In order to rethink the contemporary intertwining of scientific, technological, economic and political conditions, this workshop focuses on Tiqqun’s “Cybernetic Hypothesis”. With the intention of allowing discussion to go beyond the historical event of ‘cybernetics’ between ’45 and the seventies, “general cyberneticization” (Hörl 2013) will be the workshop’s conceptual starting point. This logic is not only bound to a vocabulary consisting of ‘control’, ‘regulation’, and ‘steering’. Cybernetics, in fact, has become a contemporary mode of governmentality. Starting from this point, the workshop’s main aim is to take a closer look at the relationship of critique, politics, and technology within the logics of cyberneticization. In order to access this manifold relationship in particular, act and action are set as the key terms.
Approaching critique, the workshop will not only pay attention to the urgency implied by the term cyberneticization, act, and action etymologically and semantically. Carving out the implicit terminological and epistemological proximity of critique and crisis will also be one of the workshop’s tasks. Understanding crisis in the original sense as a crack, a cut, or a fracture, the focus will be upon crisis’ contemporary meaning in terms of a state of permanence, linked to a governmental means. Here, the status and the possibility of intervening with political action will be discussed.
Thinking beyond the assumption of a constant feedback loop which appropriates critical action, as well as a mere demand of an ‘outside’ place of cyberneticization, what needs to be addressed is both the possibility of critical acts / action in general and the specific strategies and tactics of action. So, this engages the question of how to act and take action within transversal movements of “de- and reterritorialization” between macro- and micro-structures (Deleuze/Guattari 1993), as well as the question of the ‘political difference’ (e.g. Derrida 1991; Marchart 2010)
In conclusion, the workshop seeks to crystallise the particular relationship of act and action with critique, politics, and technology. The invited speakers are Alexander Galloway, Orit Halpern, Erich Hörl, Brian Holmes, and Jason Moore. The two-day event is opened by an evening conversation “World-Ecology, General Ecology, and Cyberneticization” by Erich Hörl and Jason Moore. Day two is divided into three main panels. Each 2-hour-panel is subdivided into a 15 minute presentation, followed by a 10 minute response, as eventually the discussion.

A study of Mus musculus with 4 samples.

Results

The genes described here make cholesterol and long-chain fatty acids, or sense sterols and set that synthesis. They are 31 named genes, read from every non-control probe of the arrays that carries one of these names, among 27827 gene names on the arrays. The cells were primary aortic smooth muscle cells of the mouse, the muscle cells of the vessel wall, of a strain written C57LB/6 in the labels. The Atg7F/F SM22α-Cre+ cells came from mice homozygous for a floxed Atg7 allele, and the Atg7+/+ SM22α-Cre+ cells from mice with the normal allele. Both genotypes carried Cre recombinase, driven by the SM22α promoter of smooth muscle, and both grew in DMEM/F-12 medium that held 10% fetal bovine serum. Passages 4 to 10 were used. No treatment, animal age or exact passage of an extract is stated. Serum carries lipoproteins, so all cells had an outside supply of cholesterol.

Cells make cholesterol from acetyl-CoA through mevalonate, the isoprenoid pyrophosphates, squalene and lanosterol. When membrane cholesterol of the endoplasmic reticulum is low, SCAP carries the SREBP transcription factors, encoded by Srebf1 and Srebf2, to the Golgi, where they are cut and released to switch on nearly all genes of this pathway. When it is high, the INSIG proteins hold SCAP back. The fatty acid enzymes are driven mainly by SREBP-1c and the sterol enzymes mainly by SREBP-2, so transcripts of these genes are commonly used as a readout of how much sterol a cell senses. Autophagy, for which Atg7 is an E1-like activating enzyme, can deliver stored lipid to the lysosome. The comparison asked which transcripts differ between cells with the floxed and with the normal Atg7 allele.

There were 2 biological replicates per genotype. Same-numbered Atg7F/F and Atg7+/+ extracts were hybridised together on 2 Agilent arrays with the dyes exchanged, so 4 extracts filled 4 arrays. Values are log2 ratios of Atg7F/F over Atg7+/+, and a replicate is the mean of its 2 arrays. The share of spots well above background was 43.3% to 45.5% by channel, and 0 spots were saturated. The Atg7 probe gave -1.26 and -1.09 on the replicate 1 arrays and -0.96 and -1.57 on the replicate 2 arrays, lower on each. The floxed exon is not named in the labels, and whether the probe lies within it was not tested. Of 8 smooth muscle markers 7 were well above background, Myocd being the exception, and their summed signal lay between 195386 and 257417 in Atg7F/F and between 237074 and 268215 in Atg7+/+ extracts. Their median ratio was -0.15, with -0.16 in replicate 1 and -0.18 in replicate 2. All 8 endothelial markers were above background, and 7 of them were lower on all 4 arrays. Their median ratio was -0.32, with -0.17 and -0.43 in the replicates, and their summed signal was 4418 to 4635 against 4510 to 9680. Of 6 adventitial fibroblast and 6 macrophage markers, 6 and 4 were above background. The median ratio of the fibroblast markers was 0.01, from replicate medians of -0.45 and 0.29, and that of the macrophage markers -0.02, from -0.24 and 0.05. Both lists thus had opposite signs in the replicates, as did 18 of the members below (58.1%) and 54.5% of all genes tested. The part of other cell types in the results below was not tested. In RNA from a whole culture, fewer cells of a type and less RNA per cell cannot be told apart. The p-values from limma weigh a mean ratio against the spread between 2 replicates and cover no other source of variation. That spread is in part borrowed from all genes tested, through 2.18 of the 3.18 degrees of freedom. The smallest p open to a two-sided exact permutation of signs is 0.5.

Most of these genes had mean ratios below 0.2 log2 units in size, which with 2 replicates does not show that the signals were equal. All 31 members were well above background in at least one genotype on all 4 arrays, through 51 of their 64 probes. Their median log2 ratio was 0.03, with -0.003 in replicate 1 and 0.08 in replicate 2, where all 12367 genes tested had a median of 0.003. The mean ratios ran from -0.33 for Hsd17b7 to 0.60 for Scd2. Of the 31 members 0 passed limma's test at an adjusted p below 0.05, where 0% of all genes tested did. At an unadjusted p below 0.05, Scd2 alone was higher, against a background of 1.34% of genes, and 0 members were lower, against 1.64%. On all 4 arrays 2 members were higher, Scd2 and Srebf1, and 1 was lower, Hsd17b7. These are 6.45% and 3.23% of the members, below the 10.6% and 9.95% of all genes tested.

The workshop is organised by the DCRL, ICAM, MECS, and “Techno-Ecologies of Participation” (part of the DFG-project Media and Participation)
Tuesday, 31st of May 2016
Evening Conversation, 6pm – 8pm, at Wasserturm
“World-Ecology, General Ecology, and Cyberneticization”,
by Erich Hörl and Jason Moore
Wednesday, 1st of June 2016
Workshop, 10pm – 6.30pm, 10am – 12am at Freiraum
Opening – Erich Hörl
Introductory Notes – Ricky Wichum
Panel 1: Critique and Crisis
Impulse: Alexander Galloway; Response: Mathias Denecke
This panel asks for the positions and the epistemologies for a critique of cybernetics. Here, different understandings of cybernetics are discussed, as well as the proximity of critique and crisis.
1.30pm – 3.30pm
Panel 2: Technology and Politics
Impulse: Orit Halpern; Response: Yuk Hui.
The second panel deals with the relationship between technology and politics. The discussion will be focused upon the turn from an almost anti-technological attitude towards the possibility of critique via the figure of the hacker (Invisible Committee 2015).
4pm – 6pm
Panel 3: Modes, Possibilities, and Conditions of Act & Action
Impulse: Brian Holmes; Response: Laura Hille.
Panel three addresses the figure of the enemy in relation to possible modes, strategies, and tactics of action.
Closing Statements 7pm
“On the Existence of Digital Objects” (Yuk Hui), at DCRL, Am Sande 5 Lüneburg
Since the workshop seeks to facilitate thorough discussions, reading Tiqqun’s “Cybernetic Hypothesis” (2001) is required.